Emergency Medical Services for Children awarded the UC Davis Department of Emergency Medicine a $2.67 million grant to fund three more years of participation in the Pediatric Emergency Care Applied Research Network.
PECARN, the first federally funded pediatric emergency medicine research network in the country, serves more than 900,000 acutely ill and injured children every year and conducts large-scale research projects.
“As Pediatric Emergency Medicine is a relatively new field, it has historically suffered from a lack of scientific evidence to guide care, “said Emily Kim, a PECARN administrator, in an e-mail interview. “PECARN is working to change that.“
The UC Davis Medical Center has been part of research network since its inception in 2001.
“Receiving this award highlights our university‘s standing as one of the leading academic institutions in the country,” Kim said.
The 22 participating hospitals under PECARN are split into regional nodes or sections where research is conducted. UC Davis is part of a non-geographic node that includes other facilities not in the area.
The newly awarded grant money will go toward maintaining the infrastructure of the center, paying salaries and allowing research coordinators to apply for grants to fund specific research.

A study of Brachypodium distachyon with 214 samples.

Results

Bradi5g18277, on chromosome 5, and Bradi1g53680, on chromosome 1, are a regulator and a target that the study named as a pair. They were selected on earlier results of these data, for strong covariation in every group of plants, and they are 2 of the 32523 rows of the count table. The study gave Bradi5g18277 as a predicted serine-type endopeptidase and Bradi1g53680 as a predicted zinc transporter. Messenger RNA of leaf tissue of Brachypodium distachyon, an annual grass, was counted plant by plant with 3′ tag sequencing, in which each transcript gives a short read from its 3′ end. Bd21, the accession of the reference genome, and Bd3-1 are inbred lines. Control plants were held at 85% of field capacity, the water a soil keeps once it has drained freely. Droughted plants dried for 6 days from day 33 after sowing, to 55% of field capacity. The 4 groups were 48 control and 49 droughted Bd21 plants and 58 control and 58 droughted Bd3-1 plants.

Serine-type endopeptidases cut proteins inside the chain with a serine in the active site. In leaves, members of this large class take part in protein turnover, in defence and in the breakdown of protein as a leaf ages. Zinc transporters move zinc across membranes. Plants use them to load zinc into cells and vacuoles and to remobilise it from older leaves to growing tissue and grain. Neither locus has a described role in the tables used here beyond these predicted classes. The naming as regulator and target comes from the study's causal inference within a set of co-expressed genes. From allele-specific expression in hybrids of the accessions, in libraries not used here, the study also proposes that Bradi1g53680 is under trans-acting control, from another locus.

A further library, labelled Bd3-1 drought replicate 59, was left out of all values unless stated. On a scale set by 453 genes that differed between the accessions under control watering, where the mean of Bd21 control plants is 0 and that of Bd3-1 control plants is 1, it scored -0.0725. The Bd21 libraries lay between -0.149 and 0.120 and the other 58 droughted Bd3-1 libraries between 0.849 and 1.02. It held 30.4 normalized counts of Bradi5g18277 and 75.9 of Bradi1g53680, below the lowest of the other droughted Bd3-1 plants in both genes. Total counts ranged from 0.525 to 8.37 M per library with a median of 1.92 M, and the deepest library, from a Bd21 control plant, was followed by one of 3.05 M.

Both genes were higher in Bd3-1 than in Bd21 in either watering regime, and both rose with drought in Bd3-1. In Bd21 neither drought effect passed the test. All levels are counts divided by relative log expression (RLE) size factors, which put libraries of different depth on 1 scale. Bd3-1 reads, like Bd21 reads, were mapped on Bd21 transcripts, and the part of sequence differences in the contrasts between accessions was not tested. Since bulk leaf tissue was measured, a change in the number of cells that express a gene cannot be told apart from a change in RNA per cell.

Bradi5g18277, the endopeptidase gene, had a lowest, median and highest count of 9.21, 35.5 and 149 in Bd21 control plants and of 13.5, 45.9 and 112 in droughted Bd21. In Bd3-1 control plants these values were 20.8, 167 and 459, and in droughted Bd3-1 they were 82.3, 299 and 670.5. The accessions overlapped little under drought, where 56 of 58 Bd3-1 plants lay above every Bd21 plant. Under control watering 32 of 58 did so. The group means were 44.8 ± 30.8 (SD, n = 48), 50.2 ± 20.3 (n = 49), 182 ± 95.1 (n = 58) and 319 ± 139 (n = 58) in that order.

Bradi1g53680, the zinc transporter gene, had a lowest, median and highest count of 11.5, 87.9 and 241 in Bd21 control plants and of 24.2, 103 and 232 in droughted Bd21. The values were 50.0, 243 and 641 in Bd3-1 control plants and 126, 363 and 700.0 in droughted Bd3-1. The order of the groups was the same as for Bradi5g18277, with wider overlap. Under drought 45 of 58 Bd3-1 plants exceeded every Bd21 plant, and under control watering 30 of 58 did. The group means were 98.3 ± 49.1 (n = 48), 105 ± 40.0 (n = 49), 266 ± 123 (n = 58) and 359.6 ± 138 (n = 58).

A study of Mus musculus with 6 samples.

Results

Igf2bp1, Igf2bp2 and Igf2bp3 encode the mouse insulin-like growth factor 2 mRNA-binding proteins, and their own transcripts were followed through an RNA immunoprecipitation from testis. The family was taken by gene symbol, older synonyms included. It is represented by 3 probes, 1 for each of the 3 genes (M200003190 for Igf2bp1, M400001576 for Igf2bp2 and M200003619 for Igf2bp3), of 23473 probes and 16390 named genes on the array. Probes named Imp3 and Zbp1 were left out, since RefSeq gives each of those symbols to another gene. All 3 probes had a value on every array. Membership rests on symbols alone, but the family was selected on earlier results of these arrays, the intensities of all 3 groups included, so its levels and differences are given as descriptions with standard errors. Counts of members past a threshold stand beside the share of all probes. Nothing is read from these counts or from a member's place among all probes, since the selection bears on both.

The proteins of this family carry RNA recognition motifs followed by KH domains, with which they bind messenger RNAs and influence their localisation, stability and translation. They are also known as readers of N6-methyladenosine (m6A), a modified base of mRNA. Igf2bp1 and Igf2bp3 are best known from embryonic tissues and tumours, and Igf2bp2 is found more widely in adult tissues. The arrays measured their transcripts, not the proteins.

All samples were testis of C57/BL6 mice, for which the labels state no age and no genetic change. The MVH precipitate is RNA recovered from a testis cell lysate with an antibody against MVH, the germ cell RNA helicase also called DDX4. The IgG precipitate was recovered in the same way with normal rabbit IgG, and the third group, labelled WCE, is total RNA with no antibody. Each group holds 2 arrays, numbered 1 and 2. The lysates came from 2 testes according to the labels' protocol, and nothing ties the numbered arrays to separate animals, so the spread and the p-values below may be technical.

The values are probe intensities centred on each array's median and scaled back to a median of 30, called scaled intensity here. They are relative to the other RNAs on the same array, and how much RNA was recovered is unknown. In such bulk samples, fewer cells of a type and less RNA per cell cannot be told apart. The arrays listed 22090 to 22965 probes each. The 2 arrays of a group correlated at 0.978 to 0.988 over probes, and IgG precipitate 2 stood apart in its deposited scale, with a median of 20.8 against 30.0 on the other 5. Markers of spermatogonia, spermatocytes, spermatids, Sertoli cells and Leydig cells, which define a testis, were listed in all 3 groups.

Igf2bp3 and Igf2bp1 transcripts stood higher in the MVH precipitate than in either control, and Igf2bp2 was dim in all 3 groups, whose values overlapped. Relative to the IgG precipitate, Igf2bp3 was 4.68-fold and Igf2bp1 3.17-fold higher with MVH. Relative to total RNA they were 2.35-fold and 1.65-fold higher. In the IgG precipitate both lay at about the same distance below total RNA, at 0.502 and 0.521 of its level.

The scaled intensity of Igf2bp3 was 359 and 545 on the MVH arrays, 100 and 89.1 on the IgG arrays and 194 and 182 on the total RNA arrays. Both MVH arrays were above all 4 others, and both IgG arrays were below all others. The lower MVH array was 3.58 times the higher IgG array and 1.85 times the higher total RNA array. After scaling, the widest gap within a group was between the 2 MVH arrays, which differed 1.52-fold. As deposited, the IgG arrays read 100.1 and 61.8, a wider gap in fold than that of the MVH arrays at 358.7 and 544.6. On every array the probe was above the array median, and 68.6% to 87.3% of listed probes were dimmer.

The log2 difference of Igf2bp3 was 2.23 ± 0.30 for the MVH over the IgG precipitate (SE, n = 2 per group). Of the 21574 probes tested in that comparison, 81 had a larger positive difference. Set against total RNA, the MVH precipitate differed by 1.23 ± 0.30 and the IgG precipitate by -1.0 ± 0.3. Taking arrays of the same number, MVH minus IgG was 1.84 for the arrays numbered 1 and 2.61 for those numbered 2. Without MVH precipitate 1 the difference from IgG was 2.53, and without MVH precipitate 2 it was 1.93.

“The grant mostly is to provide research coordinators to parts of the nodes and salaries for the time it takes to conduct research, go to meetings and travel,“ said Dr. Nathan Kuppermann, principle investigator of the network‘s Academic Centers Research Node which, in addition to UC Davis, consists of Children‘s Hospitals of Philadelphia, Wisconsin, St. Louis, Cincinnati and Salt Lake City.
PECARN developed an official research priorities list in 2003-2004 to help determine which studies should be given high priority. The first two rankings include respiratory illness/asthma and prediction rules for high stakes/low likely diseases in children.
The previous nine studies done under PECARN have included examining the effectiveness of steroids in reducing hospitalization for bronchiolitis in infants and the reduction of CT scans – which have high radiation risks – in children with blunt abdominal trauma.
“The work of EMSC and work such as the one done by Dr. Kuppermann under PECARN is absolutely essential to assure that when a child gets injured or falls sick suddenly, he or she can get the best care possible no matter where they are in the country,” said Tasmeen Singh, director of EMSC National Resource Center.
A 2006 report from the Institute of Medicine said emergency medical services system for pediatrics is uneven and does not provide the best possible medical care for children, Dr. Singh said.
“PECARN’s mission is to perform high quality and high priority research that will improve the care of acutely ill and injured children and youth of all ages,” Kim said.
With this grant, the Department of Emergency Medicine will be able to continue its research with PECARN and improve quality healthcare for children.
“With access to PECARN, our department can continue to pursue large, multi-center research studies that will enroll sufficient patients to provide definitive answers to the pressing questions in PEM,” Kim said.
ANGELA RUGGIERO can be reached at firstname.lastname@example.org.